Tuesday, August 14, 2012

Nigerian couple jailed for 7 years in UK for beating and branding their 6 children witches

A Nigerian couple, who claimed their kids were
possessed by evil spirits have been jailed for seven
years for 'shocking mistreatment', after one child
sent a message in a bottle asking for help.
The parents reportedly beat them with brooms,
hoovers and wires and even gave their baby a
morphine overdose just days after her first birthday.
Five of the children were finally rescued after their
eldest daughter threw a heart-wrenching SOS note
out of a window.
But it wasn't until their one-year-old baby was given
a morphine overdose over a year later that police
reopened the case which led to their prosecution.
The plight of the children was so bad that Miss
Collins, who met them at a church lunch, took them
to the cinema 'because she felt sorry for them'.
She gave evidence as a prosecution witness during
the trial of the parents, both 40, who cannot be
named to protect their six children.
But the parents claimed they were victims of a
conspiracy – and even alleged Miss Collins was
involved in a witch hunt against them and wanted to
'steal' their children.
One of the youngsters, a baby at the time, had been
allowed to stay in the home by Haringey council,
who were involved in the Baby P and Victoria
Climbie cases, despite the fact the five other
children had to be rescued.
Sentencing them to seven years behind bars each,
Judge James Patrick described it as 'shocking
mistreatment' that they had tried to cover up with a
'web of deception'.
Judge Patrick said: 'No-one who sat through this
trial could help but be moved by the fact that these
intelligent, charming, fun, lovable children continue
to love you despite what you put them through.'
The married couple denied the allegations claiming
they were victims of a racist witch-hunt but were
found guilty of cruelty to a person under 16.
They argued the children had been 'brainwashed'
into making the allegations by the police, the London
Borough of Haringey and Miss Collins who they said
'wanted to steal' them, Wood Green Crown Court
But Judge Patrick noted: 'You alleged a conspiracy
involving a well-known actress, who had done
nothing but show your family generosity and
kindness, a member of a housing charity, social
workers and foster carers.
'Those who had taken the trouble to support you
were repeatedly accused of dishonesty, lying, and
conspiracy to rob you of your children when the
reality was that both of you were lying – in fact they
ware simply seeking to give your children stability.'
The abuse came to the attention of police in April
2010 when their nine-year-old wrote an SOS note
and threw it out of her bedroom window.
The heart-breaking plea read: 'My mum is the worst
mum ever because she can't cope with five of us, her
broken hand and being pregnant. She always leaves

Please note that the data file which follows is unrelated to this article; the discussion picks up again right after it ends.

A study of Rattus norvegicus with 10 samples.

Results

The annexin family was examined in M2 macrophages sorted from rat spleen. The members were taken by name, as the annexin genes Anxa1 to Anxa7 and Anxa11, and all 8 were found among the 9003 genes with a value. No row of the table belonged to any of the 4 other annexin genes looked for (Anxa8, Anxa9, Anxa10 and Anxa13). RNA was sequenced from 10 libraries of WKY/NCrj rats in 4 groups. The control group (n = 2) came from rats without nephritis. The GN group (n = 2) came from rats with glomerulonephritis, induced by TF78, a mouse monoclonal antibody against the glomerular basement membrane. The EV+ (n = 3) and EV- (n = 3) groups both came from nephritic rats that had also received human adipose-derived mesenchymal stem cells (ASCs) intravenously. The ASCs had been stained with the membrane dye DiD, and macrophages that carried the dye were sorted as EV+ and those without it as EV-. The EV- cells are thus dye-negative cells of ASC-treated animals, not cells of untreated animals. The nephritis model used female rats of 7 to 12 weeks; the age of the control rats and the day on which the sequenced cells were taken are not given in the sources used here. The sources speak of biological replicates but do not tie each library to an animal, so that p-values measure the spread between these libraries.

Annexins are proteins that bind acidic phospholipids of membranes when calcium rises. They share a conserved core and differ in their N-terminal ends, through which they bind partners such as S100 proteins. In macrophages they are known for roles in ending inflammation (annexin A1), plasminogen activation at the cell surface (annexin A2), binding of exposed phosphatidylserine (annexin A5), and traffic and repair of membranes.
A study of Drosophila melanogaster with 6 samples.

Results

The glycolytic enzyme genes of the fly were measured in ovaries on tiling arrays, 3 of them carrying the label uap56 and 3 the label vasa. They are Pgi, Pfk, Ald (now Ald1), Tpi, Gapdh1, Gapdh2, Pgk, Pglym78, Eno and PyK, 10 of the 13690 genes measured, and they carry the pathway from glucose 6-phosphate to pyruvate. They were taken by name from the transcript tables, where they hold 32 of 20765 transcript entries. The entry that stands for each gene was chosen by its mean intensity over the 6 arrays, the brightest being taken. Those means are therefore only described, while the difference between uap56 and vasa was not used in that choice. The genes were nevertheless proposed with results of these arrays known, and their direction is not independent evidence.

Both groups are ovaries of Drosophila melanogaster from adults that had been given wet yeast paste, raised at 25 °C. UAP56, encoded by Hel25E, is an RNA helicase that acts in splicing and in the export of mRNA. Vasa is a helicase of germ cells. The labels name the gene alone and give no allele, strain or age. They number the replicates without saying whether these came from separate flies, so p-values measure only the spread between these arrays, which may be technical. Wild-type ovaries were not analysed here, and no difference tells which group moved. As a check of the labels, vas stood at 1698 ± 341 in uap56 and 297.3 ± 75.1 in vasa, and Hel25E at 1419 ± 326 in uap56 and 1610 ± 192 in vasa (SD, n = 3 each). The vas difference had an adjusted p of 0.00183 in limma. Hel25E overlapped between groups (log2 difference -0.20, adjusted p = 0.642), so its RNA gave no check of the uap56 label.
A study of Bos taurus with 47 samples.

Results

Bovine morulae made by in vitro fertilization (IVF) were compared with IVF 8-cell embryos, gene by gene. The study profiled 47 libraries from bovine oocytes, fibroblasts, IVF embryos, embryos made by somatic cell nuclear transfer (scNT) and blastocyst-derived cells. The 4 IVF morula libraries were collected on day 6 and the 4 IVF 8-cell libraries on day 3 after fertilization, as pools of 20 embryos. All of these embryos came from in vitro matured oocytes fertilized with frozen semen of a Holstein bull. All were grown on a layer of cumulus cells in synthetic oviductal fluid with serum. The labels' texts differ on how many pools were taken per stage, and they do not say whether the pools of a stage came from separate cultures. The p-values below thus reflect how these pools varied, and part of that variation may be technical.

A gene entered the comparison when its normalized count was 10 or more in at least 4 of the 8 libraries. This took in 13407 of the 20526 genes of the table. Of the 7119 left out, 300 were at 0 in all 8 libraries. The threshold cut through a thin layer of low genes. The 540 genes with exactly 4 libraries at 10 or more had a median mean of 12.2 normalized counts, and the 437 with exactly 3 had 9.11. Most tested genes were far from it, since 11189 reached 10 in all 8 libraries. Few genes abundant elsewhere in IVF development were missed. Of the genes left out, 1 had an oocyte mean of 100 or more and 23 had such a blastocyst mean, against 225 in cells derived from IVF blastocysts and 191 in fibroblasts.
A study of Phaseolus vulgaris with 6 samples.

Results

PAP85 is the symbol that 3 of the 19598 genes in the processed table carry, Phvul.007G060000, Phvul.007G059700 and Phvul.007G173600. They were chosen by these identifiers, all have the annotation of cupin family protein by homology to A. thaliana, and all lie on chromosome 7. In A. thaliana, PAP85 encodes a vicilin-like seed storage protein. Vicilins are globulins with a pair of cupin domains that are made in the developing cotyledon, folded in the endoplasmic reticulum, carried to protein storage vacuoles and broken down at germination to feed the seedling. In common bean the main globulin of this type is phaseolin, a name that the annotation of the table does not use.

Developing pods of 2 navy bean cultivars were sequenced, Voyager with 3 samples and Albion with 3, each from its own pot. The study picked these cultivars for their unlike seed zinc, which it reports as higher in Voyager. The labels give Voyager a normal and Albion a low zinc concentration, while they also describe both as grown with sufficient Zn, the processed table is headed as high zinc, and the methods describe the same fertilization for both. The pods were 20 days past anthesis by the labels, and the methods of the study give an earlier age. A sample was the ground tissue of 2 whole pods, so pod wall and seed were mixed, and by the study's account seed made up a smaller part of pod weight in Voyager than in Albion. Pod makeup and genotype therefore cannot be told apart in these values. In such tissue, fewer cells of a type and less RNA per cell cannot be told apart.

me out so I always starve and I am forced to work.
'If I don't get enough house work done, I am beaten
without mercy with the wooden end of a broom. I
have scars all over me to prove it. I can't stay here. I
would like a new mum.'
It was found by a neighbour who called the police,
and when officers attended the address they found
the children living in messy conditions with 'dirty'
and 'dishevelled' clothing.
Revealing scars the eldest said her mother had hit
her with a cable, a broom, and a hoover and her
father had dangled her by her feet down the
stairwell of the house, tied her hands behind her
back and her legs together 'to get the devilish spirits
out', prosecutor Emma Smith said.
Her sister, who was seven at the time, had a stick
shaped bruise of her thigh and after a few months in
care, she drew a series of pictures showing her dad
beating her and her being left home alone and
including a speech bubble saying 'I'm hungry.'
The children were left home alone for hours,
sometimes days on end, with the elder kids forced to
look after the others.
They had even been forced to lie to a charity and
social services that they were living alone with their
mother in one room and had no idea who their dad
was so they could scam benefits.
Even during the trial the eldest feared she had torn
her family apart with her 'devastating cry from the
heart in the form of a letter which she threw from
the window', the judge noted.
There was an investigation but no further action,
and the five children remained in care until the
parents once again came to police attention on 28
June last year, when they gave their baby an
'But for the events of June 28 you would have gotten
away with your crimes because of a merciful
decision not to prosecute you', Judge Patrick noted.
The couple's sixth child, a baby girl, was also initially
taken into care but then returned to her parents.
They took her to St Thomas's Hospital just days
after her first birthday last year.
Without treatment she could have died but doctors
managed to save the youngster, who it is believed
was given morphine orally that morning.
Jurors rejected the parents conspiracy theories.
When they are released they face deportation back
to Nigeria – despite pleas from their legal team that
they have been 'punished enough' by having their
children taken into care.
As they left the court they wailed: 'We are innocent,
this is a miscarriage of justice.'
Sent from my BlackBerry® Smartphone, from Etisalat.